The ridesharing company’s stock is taking a major hit, and the headwinds might not dissipate soon. Why did Lyft, Inc. (Nasdaq: LYFT) stock take a 33% dip?
Source: Thought Catalog
Lyft stock dropped by 30% on Wednesday, after the company announced that its profitability may take a dent as it increases incentives to keep drivers.
Before the news release, things were going quite well for the stock. Its revenue had grown by $875.6 million in Q1 FY 21, a 44% YoY growth. The company recorded this level of growth as 31.9% more active drivers came on board.
However a surge in fuel costs, coupled with Omicron Covid 19 headwinds, have inevitably reduced the profits Lyft drivers recorded. As a result, the company has lost a lot of drivers who haven’t been able to keep up with the low returns.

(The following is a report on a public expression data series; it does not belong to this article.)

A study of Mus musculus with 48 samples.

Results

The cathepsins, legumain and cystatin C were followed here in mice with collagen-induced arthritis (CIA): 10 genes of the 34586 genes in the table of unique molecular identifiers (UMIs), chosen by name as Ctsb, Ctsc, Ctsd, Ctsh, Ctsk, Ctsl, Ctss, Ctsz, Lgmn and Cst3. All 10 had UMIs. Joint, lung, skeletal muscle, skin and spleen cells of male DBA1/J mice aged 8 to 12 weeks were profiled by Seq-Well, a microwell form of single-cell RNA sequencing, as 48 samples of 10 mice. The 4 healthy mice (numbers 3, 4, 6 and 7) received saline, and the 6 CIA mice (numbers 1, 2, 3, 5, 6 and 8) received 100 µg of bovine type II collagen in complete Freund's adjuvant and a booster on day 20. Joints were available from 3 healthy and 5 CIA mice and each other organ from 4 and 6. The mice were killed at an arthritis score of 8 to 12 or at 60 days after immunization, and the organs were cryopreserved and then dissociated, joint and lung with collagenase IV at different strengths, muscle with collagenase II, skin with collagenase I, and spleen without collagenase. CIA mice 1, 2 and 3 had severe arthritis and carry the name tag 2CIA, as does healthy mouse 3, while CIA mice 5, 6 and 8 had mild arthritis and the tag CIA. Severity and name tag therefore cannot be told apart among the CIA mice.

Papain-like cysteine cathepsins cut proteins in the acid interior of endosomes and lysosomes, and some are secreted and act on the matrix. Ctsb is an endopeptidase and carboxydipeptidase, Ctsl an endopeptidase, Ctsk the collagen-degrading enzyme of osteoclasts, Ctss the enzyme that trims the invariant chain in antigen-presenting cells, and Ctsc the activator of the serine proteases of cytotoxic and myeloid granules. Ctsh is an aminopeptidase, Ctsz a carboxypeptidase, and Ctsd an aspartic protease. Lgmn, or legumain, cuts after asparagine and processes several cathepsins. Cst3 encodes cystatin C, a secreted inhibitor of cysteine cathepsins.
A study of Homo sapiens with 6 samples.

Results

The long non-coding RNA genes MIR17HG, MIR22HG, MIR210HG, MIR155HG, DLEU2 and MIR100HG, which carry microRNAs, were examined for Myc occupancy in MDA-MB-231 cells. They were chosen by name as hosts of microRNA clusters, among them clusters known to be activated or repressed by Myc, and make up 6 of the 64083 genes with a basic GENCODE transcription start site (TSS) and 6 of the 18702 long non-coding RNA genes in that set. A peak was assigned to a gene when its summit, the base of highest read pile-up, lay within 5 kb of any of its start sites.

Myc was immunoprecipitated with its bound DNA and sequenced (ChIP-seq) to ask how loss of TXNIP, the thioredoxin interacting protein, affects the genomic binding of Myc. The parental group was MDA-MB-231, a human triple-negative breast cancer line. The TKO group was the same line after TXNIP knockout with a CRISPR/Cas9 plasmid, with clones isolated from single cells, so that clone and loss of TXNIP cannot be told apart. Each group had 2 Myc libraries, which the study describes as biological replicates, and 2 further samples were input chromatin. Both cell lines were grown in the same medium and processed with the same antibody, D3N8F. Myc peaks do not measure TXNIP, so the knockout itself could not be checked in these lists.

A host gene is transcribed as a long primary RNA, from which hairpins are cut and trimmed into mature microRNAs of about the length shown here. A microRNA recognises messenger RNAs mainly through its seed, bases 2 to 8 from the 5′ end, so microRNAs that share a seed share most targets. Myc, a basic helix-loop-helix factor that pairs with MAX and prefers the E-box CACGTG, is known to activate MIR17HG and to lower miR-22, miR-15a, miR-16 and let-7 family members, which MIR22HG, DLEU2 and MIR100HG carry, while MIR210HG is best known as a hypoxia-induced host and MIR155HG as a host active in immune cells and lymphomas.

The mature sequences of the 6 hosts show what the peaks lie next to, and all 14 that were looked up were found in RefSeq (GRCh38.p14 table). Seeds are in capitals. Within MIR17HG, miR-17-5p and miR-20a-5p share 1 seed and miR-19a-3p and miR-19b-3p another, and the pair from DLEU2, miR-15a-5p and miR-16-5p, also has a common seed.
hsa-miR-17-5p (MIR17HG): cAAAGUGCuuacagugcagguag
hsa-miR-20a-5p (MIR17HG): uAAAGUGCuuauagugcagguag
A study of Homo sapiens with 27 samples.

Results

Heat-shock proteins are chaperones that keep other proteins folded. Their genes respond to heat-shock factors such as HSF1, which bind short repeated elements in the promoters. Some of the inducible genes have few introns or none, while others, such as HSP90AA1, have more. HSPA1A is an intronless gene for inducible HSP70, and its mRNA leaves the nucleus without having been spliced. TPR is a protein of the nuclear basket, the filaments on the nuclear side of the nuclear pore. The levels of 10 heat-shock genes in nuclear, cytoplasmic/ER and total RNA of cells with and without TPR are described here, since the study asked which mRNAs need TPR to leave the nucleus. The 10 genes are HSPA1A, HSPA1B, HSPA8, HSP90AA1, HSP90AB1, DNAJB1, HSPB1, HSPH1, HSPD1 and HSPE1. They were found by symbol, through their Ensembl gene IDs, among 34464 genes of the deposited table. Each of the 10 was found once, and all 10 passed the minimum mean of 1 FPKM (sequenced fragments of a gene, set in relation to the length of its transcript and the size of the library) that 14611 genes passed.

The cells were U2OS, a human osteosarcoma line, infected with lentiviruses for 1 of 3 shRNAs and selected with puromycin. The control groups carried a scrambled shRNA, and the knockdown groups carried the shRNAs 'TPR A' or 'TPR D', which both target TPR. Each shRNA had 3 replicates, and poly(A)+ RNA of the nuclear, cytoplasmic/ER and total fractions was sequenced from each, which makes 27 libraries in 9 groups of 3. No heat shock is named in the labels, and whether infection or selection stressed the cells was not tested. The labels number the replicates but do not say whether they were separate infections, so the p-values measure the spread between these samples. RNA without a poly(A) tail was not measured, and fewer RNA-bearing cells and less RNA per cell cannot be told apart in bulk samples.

In order to address the issue, Lyft increased incentives for drivers. This increase in spending, however, has caused Lyft to release a guidance of only $10 million to $20 million in EBITDA, at least $63 million less than what Wall Street estimated for it.
LYFT stock has only been public for 39 months, but it has never risen above its opening price. It rose to the $68 – $71.6 resistance level twice in that time but has now dipped to the lowest support level of $17.2 – $21.3 in its history.
To cap it off, we may not have seen the bottom of the dip – but not for reasons relating directly to Lyft. The stock market has looked less positive recently, with the Dow, Nasdaq100, and S&P500 dropping by a minimum of 10% since the beginning of April.
If the general stock market continues to fall, Lyft may be forced to follow suit until it reaches new lows. And unless you don’t mind getting in on stock before it bottoms out, now is not the best time to buy Lyft stock.